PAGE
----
To mark the 75th anniversary of the end of World War II, the Premier League has been getting players from their club academies to visit former footballers who are also veterans of the war.
In total, 11 sets of academy players visited the veterans and the short films of their visits will be used as an inspiration and a tribute from the Football Family to all those - players and supporters - who served their country during World War II.
The first film features four members of Watford Academy's Under-15s visiting Tony Collins.
Collins, now 93, was called up to serve in 1944 when he was 18 and was stationed in Italy after training.
Post-war he signed for Sheffield Wednesday and went on to play for many clubs, including two spells at Watford during the 1950s.
When Collins was named player-manager at Rochdale, he became the first black-heritage manager in the Football League.
He talked to the Watford Under-15s about his time in the war and shared with them his experience of the game in post-war England.
Watford were not aware of Collins until Club historians unearthed his story for the Football Remembers project.
"It's just been eye opening to find out about him, and a unique and unforgettable opportunity for our Academy players to meet and interview him," Nathan Marshall, Head of Education at Watford, said.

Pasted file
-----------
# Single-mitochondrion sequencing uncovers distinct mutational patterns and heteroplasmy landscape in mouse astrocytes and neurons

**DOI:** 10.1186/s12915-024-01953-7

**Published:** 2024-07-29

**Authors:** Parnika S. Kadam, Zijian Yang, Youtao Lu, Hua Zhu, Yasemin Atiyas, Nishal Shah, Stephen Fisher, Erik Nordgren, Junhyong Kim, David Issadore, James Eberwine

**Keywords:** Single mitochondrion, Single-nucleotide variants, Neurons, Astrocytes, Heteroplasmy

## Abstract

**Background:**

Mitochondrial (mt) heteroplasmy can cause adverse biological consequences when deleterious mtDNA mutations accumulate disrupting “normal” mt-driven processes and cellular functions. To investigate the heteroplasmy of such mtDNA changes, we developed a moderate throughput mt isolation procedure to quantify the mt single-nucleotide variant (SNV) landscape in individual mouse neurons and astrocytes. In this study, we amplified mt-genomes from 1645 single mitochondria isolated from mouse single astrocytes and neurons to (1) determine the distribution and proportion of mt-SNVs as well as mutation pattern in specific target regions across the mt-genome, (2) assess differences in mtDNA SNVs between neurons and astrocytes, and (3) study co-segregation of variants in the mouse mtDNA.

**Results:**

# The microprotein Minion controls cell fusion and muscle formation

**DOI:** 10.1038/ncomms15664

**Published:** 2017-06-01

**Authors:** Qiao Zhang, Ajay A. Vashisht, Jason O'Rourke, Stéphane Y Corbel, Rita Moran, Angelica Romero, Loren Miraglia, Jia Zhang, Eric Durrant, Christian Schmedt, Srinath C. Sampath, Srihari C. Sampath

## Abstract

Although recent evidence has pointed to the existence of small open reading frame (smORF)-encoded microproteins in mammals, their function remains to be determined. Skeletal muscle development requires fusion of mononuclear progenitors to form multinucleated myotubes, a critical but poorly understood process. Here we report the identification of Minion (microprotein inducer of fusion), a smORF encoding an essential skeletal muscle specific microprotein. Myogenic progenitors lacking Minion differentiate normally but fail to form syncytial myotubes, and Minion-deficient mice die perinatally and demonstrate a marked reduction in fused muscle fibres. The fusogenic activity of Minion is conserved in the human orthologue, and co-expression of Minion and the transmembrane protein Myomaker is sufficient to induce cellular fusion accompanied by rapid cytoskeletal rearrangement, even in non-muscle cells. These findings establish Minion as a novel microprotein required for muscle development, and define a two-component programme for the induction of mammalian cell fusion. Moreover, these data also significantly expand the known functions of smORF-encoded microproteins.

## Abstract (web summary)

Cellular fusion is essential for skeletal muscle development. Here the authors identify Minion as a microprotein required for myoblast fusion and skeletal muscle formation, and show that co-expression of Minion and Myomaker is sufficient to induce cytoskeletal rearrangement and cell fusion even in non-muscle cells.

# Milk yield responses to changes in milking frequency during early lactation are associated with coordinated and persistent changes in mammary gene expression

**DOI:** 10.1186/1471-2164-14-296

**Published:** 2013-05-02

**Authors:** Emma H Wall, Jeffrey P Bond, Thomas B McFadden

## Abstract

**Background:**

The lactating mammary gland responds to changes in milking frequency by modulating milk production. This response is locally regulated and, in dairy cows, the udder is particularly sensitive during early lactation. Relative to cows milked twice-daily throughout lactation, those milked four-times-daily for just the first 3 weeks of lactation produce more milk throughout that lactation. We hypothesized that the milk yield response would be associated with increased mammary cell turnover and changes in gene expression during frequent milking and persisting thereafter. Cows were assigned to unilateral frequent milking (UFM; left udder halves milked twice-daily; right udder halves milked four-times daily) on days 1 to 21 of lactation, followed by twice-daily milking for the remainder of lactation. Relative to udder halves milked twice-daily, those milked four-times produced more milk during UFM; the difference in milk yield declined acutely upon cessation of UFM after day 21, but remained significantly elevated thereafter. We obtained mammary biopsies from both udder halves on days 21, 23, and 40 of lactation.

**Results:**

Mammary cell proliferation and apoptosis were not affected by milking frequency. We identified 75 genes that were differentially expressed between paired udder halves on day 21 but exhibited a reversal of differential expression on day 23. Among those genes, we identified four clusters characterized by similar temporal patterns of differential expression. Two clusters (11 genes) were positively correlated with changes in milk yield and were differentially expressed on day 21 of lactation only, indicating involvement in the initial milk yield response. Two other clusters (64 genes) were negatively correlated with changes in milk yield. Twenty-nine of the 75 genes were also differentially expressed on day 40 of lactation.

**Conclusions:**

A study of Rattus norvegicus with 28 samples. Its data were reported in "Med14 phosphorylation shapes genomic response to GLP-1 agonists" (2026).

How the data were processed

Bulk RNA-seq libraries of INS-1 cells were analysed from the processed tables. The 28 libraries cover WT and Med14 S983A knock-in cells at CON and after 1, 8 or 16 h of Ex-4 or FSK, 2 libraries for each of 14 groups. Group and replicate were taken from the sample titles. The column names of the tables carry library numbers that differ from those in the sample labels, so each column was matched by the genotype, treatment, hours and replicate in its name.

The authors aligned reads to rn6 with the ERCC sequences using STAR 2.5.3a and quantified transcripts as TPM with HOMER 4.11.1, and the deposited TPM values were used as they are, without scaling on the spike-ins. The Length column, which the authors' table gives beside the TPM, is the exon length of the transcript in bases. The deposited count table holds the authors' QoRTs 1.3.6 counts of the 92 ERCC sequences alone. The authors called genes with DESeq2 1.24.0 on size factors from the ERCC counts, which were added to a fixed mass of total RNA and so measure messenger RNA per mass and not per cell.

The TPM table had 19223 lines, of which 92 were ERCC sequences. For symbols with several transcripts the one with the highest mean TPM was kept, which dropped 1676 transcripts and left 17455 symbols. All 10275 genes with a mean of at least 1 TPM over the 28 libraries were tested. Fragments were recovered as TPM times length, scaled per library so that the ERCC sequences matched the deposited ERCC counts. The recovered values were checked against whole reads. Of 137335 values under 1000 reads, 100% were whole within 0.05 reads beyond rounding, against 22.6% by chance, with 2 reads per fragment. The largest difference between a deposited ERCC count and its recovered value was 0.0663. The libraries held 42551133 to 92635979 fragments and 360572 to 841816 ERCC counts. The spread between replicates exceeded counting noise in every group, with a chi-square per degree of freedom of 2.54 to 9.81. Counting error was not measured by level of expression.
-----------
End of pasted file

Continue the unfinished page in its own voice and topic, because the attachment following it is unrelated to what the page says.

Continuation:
"His story shines a light on the incredible experience of World War II, and puts our football culture in perspective.
"Working on this makes you take stock of values and the community. It is a great privilege for us all to be involved."
Martyn Heather, Head of Education at the Premier League, said the Football Remembers WWII project epitomised the League's commitment to developing "academy players as young men of quality and good character off the pitch as well as on it".
"The Football Remembers WWII project does exactly this," Heather added. "It's given academy players an incredible opportunity to connect with their elders and to hear first-hand from the 'Greatest generation'. They have made us proud."
The Premier League worked with Big Ideas on bringing the project to life and Virginia Crompton, its CEO, said that meeting the academy players had also meant much to the player-veterans.
"Sadly we have lost four of our eleven over the past few months since we started filming," she said.
"It is a precious experience and vital that we take the opportunity now, while we can, to make these connections. Anyone who is interested in getting involved can sign up at the link below."